A new German court ruling legalizing bans on diesel-powered vehicles in city centers isn't likely to affect newer vehicles.

A German court issued a landmark ruling that gives several major cities permission to ban diesel vehicles from their urban centers, a move that could soon be copied by other communities across Europe.

The controversial decision is considered significant at several levels, even though it initially applies only to bans proposed by the heavily polluted cities of Dusseldorf and Stuttgart. The latter community is home to Daimler AG whose Mercedes-Benz subsidiary is heavily reliant on diesel technology for its vehicle line-up. The ruling also comes as an embarrassment for German Chancellor Angele Merkel, who had opposed such a ban.

For now, the cities only plan to restrict older, more heavily polluting diesel models, but critics of the ban fear it could place a sudden strain on the mass transit systems in the two cities while also impacting the value of as many as 12 million diesel vehicles now in operation in Europe’s largest automotive market.

Proponents have been hoping for a favorable court ruling, however, seeing it as a way to get some of the country’s dirtiest vehicles off the road. They also see the decision by the court in Leipzig as supporting broader efforts to phase out diesel technology across Europe.

(Porsche shifting from diesel to electric. Click Here for that story.)

Mercedes diesels were wildly popular in the 1970s and '80s, and the new diesel ban could impact vehicles like these.

Even as diesels lost momentum in the U.S. market during the 1980s and 1990s, the technology began making inroads in Europe as automakers came up with newer versions that overcame traditional problems with “oil burners.” They were smoother running, quicker, even more fuel-efficient and, manufacturers claimed, far cleaner than traditional designs.

As a result, diesels gained nearly half the European new vehicle market by the first half of this decade – while also starting to claw back a small share of the American market.

But that momentum largely ground to a halt when, in September 2015, the U.S. Environmental Protection Agency accused Volkswagen of rigging one of its diesels to illegally pass emissions tests. The German automaker subsequently admitted using a “defeat device” on two diesel engine, triggering a scandal that has so far cost it more than $30 billion in fines, repairs and settlements.

VW has since said it will no longer sell diesels in the U.S. and is shifting focus, even in Europe, to battery-electric technology. Its Porsche subsidiary last week said it would phase out diesels entirely over the next several years.

(Click Here for details about Ford’s new diesel engine.)

Other manufacturers are taking similar steps, Volvo is moving to an all-electrified line-up expected to eliminate diesels, though it will continue to use gasoline technology in its hybrids and plug-ins. A report by the Financial Times this week indicated that Fiat Chrysler Automobiles will drop diesels from its passenger car line-up, though it is expected to continue using them in some light truck models like the Jeep Wrangler SUV and Ram 1500 pickup. FCA has not confirmed that report but could offer insight in June when it publicly unveils a new, five-year global strategy.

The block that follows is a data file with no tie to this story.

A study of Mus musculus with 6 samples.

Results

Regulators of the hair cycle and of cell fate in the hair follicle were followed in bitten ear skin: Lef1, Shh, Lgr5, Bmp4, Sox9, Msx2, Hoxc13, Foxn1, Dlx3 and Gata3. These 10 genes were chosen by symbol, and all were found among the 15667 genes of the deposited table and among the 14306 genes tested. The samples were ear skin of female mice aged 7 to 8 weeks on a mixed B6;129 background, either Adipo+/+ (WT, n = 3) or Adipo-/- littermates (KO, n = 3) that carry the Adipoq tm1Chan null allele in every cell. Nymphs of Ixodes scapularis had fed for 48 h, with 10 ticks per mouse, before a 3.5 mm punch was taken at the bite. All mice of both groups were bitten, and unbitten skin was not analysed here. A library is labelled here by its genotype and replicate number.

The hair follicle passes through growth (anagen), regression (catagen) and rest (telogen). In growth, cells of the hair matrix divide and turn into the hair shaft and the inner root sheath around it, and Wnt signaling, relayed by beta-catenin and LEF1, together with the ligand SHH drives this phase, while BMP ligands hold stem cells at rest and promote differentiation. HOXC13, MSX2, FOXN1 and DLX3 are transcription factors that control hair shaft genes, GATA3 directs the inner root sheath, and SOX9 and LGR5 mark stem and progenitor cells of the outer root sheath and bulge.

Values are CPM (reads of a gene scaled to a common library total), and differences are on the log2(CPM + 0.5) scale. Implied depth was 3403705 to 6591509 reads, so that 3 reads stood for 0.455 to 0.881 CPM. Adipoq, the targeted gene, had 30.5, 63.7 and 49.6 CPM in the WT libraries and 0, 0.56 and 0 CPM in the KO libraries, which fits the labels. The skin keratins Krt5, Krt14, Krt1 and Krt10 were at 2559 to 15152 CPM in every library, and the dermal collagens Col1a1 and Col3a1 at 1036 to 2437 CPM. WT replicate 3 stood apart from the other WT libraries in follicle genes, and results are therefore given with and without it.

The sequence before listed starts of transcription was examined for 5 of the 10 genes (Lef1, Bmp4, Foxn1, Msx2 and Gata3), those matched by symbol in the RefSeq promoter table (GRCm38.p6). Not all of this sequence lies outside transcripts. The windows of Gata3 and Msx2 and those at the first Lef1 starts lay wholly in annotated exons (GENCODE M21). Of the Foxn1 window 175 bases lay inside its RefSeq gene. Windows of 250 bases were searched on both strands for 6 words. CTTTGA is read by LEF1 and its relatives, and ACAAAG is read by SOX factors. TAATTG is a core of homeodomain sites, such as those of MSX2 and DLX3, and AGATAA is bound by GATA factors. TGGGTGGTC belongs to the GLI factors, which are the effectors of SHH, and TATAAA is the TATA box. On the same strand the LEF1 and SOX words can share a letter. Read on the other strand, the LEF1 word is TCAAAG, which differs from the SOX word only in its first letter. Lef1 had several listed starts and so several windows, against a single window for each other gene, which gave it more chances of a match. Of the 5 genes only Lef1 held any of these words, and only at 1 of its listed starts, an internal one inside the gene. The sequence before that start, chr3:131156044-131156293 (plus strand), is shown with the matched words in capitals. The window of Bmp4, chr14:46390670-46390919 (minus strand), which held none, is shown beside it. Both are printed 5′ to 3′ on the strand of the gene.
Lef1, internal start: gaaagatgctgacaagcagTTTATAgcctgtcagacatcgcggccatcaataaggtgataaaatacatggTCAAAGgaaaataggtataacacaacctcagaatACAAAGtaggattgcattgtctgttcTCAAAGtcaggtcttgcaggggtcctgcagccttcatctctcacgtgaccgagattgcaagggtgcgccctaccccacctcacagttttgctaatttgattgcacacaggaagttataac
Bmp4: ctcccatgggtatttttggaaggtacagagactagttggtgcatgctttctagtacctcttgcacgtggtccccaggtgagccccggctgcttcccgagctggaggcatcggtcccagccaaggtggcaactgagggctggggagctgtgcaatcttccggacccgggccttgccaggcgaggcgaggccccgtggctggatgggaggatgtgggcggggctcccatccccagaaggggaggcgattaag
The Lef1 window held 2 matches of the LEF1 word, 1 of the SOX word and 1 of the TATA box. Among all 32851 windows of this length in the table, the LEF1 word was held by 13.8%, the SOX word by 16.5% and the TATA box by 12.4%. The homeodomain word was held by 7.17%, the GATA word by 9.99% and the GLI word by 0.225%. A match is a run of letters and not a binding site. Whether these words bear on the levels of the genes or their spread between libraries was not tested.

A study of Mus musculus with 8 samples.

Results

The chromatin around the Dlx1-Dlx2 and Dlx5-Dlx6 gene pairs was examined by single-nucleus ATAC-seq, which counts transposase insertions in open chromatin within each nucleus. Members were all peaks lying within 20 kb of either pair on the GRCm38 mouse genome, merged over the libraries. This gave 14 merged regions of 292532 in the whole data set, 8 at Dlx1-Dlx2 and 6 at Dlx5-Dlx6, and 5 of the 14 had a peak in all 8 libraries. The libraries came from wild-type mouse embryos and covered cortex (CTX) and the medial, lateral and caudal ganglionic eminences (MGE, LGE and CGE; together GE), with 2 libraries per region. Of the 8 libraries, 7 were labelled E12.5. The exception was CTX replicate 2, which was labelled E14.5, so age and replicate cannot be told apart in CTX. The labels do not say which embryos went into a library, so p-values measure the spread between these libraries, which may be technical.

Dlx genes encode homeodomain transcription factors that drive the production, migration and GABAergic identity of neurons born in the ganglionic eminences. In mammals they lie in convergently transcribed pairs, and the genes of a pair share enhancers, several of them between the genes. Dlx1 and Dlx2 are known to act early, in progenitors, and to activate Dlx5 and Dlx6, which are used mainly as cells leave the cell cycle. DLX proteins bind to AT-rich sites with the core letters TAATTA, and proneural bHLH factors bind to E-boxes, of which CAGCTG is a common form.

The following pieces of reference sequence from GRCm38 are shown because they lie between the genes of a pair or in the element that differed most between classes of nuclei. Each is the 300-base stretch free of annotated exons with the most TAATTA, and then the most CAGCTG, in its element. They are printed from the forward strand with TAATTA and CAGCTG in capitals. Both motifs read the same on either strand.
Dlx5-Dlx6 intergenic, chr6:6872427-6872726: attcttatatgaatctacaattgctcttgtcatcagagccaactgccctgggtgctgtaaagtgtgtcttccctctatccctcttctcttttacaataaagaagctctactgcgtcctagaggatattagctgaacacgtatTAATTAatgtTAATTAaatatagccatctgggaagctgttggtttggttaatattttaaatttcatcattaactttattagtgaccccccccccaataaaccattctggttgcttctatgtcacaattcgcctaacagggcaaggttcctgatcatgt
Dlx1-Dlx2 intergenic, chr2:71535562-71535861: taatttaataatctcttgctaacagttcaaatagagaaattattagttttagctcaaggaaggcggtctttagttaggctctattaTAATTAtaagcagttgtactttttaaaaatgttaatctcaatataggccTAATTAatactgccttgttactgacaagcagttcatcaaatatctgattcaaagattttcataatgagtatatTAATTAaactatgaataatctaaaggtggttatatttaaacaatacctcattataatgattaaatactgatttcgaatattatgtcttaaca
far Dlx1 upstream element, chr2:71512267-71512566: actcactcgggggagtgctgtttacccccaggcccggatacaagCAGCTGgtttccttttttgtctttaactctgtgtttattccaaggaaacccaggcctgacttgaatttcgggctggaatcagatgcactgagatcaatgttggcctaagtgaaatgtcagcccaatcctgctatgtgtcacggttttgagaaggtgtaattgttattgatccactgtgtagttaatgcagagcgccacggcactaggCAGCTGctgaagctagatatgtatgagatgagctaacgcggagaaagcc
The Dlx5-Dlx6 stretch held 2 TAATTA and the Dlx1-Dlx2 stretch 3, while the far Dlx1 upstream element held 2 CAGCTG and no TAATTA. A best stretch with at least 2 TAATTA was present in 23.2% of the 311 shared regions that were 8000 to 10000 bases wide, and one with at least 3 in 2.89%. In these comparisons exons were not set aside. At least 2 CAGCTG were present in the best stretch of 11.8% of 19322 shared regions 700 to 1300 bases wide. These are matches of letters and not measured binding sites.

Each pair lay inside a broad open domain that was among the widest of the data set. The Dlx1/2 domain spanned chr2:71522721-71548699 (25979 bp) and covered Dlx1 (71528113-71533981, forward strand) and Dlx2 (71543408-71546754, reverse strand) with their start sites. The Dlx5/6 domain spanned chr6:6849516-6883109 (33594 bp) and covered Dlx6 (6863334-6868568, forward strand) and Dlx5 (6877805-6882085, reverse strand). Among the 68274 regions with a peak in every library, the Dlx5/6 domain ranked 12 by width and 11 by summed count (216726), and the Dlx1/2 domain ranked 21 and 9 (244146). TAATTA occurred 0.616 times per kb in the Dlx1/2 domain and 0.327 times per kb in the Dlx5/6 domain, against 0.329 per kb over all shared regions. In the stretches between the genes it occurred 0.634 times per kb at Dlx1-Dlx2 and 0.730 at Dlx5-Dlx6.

Automakers may be taking their cue from the public. In Germany, diesels accounted for 33.3% of new vehicle sales in January, down from 45.1% a year earlier, according to industry figures. And demand has been tapering off in most other markets, as well.

That said, manufacturers do face potential challenges executing a diesel phase-out because they are facing ever-stricter limits on pollutants, especially carbon dioxide emissions linked to global warming. The only alternative, many believe, is to shift to zero-emissions vehicles, primarily battery-cars, but also hydrogen fuel-cell vehicles.

While Dusseldorf and Stuttgart are, at least for now, focused on banning older diesel models, some other European cities, notably including Paris, want to bar all diesels, new and old. Yet other communities are looking at banning all internal combustion engines. The entire country of Norway plans such a phase-out over the coming decade and both France and the United Kingdom are weighing similar measures.

(For more on FCA’s reported diesel phase-down, Click Here.)

In the near-term, however, some observers warn that such moves could be costly. According to various experts, owners of about 12 million diesel vehicles in operation in Germany could see their value plunge as a result of the latest court ruling. Meanwhile, there is concern that the mass transit systems in Dusseldorf and Stuttgart won’t be able to handle the increased ridership expected as diesel vehicle owners go looking for new ways to get to work.